Magners Original Irish Cider was single-handedly responsible for the revival of the cider market in 2006. While its strategy of suggesting the drink could be enjoyed over ice was simple, it created a new generation of cider drinkers.
The brand, which is distributed by C&C Group in the UK, saw its sales more than triple after its UK launch in March of that year, helped by a £20m launch campaign, including heavy point of sale work, and good weather in the early part of the summer.
Two years on and Magners has lost all its sparkle. Last week, C&C appointed former Scottish & Newcastle chief executive John Dunsmore to the same role. However, it is understood that he and two other investors plan to pour £1.2m into the struggling business.
The company reported a 13% decline in revenue over the six months to August 31, although it claims that the decline in cider sales was offset by cost cutting and an 11% rise in volume sales of Irish whiskey Tullamore Dew.
The group’s cider revenue fell 12.6% to €229.8m (£193.5m) over the same period, while Magners’ share of the off-trade market fell to 7.5% from over 8%.
While few industry observers would disagree that Magners’ “cider over ice” launch campaign was effective, some dismiss it as little more than a “gimmick”, and one without a robust marketing strategy to support it.
Meanwhile, its success in creating a new category allowed rival brands to muscle in on its territory. Scottish & Newcastle, which has since been taken over by Heineken, relaunched its dormant cider brand, Bulmers Original, at a lower price. Critics say that Magners – at more than £4 a bottle – is too expensive.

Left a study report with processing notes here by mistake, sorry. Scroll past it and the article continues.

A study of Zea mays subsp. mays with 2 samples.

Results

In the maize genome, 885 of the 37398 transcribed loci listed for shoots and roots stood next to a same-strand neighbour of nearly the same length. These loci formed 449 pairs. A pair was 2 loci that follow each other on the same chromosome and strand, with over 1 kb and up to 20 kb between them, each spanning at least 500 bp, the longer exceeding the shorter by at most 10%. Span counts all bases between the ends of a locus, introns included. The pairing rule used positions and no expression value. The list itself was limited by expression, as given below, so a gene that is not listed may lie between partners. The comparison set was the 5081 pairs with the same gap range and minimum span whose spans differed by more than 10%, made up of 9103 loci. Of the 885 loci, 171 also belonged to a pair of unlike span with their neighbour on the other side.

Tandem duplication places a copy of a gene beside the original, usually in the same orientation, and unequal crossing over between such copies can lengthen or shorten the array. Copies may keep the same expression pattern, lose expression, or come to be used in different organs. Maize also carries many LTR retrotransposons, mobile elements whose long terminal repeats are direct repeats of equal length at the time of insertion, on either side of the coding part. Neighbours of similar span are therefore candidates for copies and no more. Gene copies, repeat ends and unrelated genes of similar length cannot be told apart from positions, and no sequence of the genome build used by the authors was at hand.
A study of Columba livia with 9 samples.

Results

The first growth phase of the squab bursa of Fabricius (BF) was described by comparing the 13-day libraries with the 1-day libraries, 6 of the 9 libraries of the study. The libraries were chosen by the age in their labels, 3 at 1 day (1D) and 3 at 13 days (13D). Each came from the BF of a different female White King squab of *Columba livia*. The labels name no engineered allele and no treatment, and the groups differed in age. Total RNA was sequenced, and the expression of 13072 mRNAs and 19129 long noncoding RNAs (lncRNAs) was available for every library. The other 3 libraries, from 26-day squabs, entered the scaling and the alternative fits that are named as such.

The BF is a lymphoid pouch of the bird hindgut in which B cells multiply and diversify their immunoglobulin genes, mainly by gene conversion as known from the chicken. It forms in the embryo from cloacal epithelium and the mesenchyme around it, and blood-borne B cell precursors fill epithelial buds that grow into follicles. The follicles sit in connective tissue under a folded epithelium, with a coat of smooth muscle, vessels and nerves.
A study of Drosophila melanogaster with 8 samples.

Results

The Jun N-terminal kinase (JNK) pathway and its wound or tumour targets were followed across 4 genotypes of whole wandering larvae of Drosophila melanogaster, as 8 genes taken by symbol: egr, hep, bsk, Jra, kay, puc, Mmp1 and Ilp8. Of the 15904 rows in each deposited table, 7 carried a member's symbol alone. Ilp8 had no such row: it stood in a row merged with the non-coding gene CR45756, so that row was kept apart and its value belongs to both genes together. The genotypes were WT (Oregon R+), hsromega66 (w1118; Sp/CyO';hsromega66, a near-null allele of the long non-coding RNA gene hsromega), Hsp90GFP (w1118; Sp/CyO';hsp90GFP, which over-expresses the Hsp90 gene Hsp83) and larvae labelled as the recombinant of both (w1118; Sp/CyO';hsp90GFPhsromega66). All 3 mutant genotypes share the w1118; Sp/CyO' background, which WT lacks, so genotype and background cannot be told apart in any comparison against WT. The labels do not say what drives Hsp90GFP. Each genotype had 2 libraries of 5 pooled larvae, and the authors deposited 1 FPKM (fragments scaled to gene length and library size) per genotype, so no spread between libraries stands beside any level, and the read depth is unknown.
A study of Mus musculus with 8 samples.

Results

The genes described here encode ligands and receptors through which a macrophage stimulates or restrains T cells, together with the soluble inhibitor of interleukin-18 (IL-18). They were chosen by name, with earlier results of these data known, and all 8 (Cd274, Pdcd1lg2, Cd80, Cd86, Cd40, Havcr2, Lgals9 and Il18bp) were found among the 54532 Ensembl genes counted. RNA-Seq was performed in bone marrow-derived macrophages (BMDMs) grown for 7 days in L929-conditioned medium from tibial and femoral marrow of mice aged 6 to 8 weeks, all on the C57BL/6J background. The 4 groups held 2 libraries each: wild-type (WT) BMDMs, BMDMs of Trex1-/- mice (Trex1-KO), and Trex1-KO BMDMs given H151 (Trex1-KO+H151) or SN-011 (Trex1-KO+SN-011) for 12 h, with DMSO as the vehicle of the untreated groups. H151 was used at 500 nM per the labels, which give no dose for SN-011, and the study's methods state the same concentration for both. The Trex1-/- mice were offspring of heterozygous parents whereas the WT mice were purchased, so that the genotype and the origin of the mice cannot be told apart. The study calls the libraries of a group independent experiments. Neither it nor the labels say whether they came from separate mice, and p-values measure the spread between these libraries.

The cider market was worth £1.5bn in 2006, according to Mintel, and it was predicted to grow to £1.6bn by 2008. The success of the “over ice” category is thought to have been key to the category’s growth.
The absence of a long-term marketing strategy to build the Magners brand beyond its launch is now having an effect. Last month, C&C Group chief executive Maurice Pratt resigned, admitting that his repositioning strategy over the past two years had “not met expectations”.
He had hoped that Magners would overtake Bulmers as the market leader, as well as open up new markets in Spain, Germany and eventually the US. C&C says it is now having to “rethink” its marketing and commercial strategies.
Bulmers, on the other hand, has managed to build a following among “young and cool” consumers. Interbrand chief marketing officer Graham Hales says/ “Bulmers’ image is slightly younger and more accessible, while Magners is more of a heritage story. Magners needs to change so it’s more in tune with drinkers.”
The idea of cider over ice was bound to be copied by a competitor, admits Magners marketing manager Scott Fairbairn. He says the brand is still “driving the category” and dismisses suggestions that it has failed to innovate, pointing to its draught variant, which is not served over ice and aims to encourage cider drinking during the colder seasons.
He adds that it is “looking” at the potential for flavoured ciders, but adds that such limited editions tend not to make a significant difference to long-term sales. He adds: “We are talking to consumers, rather than throwing things at them.”
Magners needs to develop a new positioning and evolve its product line or it will face being pushed out of the very category that it created.